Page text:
Laurie Colwin

July is the beginning of that wonderful period when we get to eat what we have sown and grown. It’s the month when the delivery of veg boxes can be suspended as we enjoy our home-grown crops of tomatoes, cucumbers, potatoes, strawberries and more.

Normally the hottest month of the year July is yet another busy month for the gardener as watering becomes a daily task, lawns need regular mowing and weeds still need weeding.

  • Remove side shoots from cordon tomatoes and water and feed regularly.

  • It can get very hot in the greenhouse so leave the door and vents open and consider applying shading paint or similar. Damping down the floor with a hose will help to reduce the temperature.
  • Pick cucumbers as soon as they’ve reached the right size for the variety and are still nice and firm. A slice of cucumber in a G&T makes a lovely change to the traditional lemon.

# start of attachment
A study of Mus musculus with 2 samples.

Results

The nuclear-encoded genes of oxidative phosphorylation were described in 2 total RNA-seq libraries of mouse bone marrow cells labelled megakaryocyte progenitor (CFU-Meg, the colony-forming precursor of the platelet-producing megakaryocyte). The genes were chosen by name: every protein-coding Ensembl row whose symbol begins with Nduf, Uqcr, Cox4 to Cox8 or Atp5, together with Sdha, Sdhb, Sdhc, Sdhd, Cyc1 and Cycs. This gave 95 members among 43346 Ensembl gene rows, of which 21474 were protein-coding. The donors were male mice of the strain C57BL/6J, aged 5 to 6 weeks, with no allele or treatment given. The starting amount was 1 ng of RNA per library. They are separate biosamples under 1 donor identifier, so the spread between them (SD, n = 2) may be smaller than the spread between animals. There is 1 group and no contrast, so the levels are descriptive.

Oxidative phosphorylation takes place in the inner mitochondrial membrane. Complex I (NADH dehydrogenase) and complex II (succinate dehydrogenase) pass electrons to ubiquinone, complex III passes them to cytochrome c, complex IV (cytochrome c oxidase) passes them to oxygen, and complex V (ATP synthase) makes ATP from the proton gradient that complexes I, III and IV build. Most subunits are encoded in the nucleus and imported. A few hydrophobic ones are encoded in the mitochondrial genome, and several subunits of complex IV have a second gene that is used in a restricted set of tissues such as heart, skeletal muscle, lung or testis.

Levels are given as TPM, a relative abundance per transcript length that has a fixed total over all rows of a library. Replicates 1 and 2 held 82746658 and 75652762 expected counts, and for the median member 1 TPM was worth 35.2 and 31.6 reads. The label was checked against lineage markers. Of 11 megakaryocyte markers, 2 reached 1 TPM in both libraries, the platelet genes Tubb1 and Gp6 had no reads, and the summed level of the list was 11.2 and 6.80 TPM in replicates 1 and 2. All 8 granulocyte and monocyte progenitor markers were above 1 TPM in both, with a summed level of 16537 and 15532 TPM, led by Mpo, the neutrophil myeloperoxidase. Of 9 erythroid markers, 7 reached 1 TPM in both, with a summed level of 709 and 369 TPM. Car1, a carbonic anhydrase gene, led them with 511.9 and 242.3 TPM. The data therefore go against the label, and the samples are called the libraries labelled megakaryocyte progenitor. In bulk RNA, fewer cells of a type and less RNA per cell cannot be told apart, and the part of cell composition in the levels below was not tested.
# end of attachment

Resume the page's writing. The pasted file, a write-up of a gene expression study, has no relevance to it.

• Keep picking courgettes to encourage the plant to keep producing. Share with friends and neighbours until they beg you to stop.
  • Early potatoes will be ready for lifting but dig under just the one plant first to check they are the size you want.
  • Maintain a good watering regime remembering that plants growing in pots will need extra.


  • Prepare and steam the runner beans and then add finely sliced red onion and crisp pancetta. Drizzle with balsamic vinegar.
  • Slice and gently simmer in a chilli, tomato and garlic sauce until tender
  • Cook pasta and add sliced runner beans in the same pan of boiling water. Drain and then toss in coriander pesto, a little cream and top with parmesan
  • Runner bean pickle is a real winner. I like the River Cottage recipe best. (Watch the video below for more information on that runner bean pickle!)


Spring Bulbs and Winter Bedding

Our latest catalogue will be mailed early next month but many of the varieties will be available on our website from the middle of July. This includes autumn and spring bulbs, autumn, winter and spring bedding and also winter veg.